Many students have used (and been distracted by) applications like Angry Birds, Words with Friends and Temple Run. Meanwhile, some of their classmates are creating the applications that they purchase from the App Store.
Junior Arthur Bogdanovich started designing applications for Android during his freshman year with the intention of becoming a computer programmer. He started out with simple on/off switch applications to get familiar with the operating system, but he progressively built his way up to creating applications that are currently on the market.
“I used Youtube videos to help me learn the first parts,” Arthur said. “Later on, I used technical books with documentation about the programming language that I use.”
Arthur made his simple applications more sophisticated by building up his features. He chose to advance the capabilities of his previous application rather than creating a new one altogether.
“I just sit down and think of things that might be useful to include and take the apps that I’ve made currently and add on to them,” Arthur said.
Arthur said he chose to program applications for Android because it is cheaper and he would have a larger degree of freedom.
After getting the counselors’ approval, Arthur started working with the Tech Club to create a task manager that will allow students to easily organize upcoming assignments and tests for their classes. It will tie in with SIS to create a more uniform information system. And most importantly, it’s a planner that can’t be lost.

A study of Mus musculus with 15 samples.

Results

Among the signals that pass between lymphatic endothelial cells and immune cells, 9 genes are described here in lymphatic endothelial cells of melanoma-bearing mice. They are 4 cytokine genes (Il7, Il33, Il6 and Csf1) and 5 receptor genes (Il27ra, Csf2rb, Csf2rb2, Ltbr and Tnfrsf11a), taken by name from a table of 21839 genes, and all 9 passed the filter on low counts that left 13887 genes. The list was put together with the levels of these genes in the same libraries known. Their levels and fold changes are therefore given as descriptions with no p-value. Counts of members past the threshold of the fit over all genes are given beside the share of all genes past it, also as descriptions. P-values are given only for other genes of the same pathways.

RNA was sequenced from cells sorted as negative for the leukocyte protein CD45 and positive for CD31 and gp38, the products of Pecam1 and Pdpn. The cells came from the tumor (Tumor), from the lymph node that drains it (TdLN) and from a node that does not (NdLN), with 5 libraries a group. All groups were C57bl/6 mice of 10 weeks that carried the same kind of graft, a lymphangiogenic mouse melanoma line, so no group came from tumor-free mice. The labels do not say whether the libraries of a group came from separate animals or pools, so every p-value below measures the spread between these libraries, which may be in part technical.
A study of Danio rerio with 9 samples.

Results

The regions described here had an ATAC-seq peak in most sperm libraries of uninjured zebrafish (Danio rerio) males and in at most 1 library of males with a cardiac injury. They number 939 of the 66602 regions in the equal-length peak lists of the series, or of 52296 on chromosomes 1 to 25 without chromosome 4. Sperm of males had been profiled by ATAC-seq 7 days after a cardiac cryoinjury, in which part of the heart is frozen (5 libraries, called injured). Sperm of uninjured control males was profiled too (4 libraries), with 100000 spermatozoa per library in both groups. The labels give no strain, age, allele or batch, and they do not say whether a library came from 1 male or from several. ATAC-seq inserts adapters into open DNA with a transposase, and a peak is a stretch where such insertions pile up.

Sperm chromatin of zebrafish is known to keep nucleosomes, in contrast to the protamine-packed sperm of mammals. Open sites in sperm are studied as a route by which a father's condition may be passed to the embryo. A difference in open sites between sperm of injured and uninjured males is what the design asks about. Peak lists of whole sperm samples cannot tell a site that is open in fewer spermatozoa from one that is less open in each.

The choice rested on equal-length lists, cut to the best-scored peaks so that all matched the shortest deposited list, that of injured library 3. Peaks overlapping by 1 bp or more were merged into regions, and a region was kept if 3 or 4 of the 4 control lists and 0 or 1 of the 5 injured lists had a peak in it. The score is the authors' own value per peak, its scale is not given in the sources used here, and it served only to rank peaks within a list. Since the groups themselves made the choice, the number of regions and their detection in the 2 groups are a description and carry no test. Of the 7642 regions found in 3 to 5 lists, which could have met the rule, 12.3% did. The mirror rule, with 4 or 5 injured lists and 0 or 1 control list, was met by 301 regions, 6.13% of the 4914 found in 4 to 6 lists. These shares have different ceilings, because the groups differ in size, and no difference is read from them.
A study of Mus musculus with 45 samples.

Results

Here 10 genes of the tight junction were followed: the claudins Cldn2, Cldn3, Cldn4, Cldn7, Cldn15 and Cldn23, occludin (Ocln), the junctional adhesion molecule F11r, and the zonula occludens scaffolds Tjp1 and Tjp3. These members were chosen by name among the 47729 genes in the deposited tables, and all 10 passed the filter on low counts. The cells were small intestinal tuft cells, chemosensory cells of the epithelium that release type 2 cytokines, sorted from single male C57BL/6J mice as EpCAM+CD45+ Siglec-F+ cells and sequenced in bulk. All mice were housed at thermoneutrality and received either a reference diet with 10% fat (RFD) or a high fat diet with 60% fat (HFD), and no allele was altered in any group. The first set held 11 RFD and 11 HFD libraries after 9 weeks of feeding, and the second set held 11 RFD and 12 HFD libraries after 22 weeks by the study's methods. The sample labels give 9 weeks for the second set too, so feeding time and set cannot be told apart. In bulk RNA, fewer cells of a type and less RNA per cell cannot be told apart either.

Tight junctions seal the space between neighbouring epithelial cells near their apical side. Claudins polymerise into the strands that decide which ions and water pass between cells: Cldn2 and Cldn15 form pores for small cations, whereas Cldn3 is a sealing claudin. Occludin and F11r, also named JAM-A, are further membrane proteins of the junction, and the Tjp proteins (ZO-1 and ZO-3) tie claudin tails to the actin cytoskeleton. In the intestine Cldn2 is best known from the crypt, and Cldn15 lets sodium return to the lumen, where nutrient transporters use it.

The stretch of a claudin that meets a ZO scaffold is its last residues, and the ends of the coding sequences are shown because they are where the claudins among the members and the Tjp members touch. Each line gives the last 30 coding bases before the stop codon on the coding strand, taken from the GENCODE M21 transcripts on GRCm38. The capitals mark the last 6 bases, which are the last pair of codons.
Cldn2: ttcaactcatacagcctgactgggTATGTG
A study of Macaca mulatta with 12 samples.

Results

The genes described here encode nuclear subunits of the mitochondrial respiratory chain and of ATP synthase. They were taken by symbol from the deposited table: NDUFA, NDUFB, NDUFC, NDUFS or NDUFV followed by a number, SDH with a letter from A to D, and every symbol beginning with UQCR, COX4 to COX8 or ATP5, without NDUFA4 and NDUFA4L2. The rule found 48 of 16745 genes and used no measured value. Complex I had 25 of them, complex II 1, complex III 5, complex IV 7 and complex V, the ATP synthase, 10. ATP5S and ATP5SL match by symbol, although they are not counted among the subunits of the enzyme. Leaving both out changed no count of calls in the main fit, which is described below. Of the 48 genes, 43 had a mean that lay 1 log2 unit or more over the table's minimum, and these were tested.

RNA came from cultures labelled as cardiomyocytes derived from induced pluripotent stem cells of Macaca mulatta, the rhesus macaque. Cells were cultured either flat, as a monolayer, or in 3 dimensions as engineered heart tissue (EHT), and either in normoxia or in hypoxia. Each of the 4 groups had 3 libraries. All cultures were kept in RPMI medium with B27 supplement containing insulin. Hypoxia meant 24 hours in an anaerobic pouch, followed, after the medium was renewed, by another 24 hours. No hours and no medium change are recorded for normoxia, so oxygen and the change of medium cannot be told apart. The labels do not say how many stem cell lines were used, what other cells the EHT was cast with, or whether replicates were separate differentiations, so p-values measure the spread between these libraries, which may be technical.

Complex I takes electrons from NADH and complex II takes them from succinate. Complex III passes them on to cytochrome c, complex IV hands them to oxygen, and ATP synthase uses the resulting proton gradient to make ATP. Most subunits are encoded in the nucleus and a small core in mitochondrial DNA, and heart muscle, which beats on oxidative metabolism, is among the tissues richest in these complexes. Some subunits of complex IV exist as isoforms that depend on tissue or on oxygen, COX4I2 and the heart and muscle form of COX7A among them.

Junior Jerry Liu is helping a company create an Android equivalent of its photo share social network application, which is currently available on the Apple App Store. The application allows anyone to post photo assignments on a certain topic or event. Followers can then comment and respond.
The process of creating an Android application isn’t as simple as copying and pasting from the IOS to Android. The two operating systems are based on different programming languages.
“One is objective C [for the IOS] and the other is Java [for the Android], so the implementations are a bit different,” Jerry said. “So it’s kind of hard to make the two apps really similar to each other because they have two different design patterns.”
Jerry also assisted his employer with building its platform client side code (figuring out how to make the application work).
With the advancements in the technological world, Jerry’s designing is not solely restricted to the smartphone. In fact, he has taken a rain check on the Android to finish up other assignments.
“It does look like an interesting platform and I’ll look into it more as the platform progresses, but right now, I have other plans,” Jerry said. “I’m working on a couple websites for different clubs.”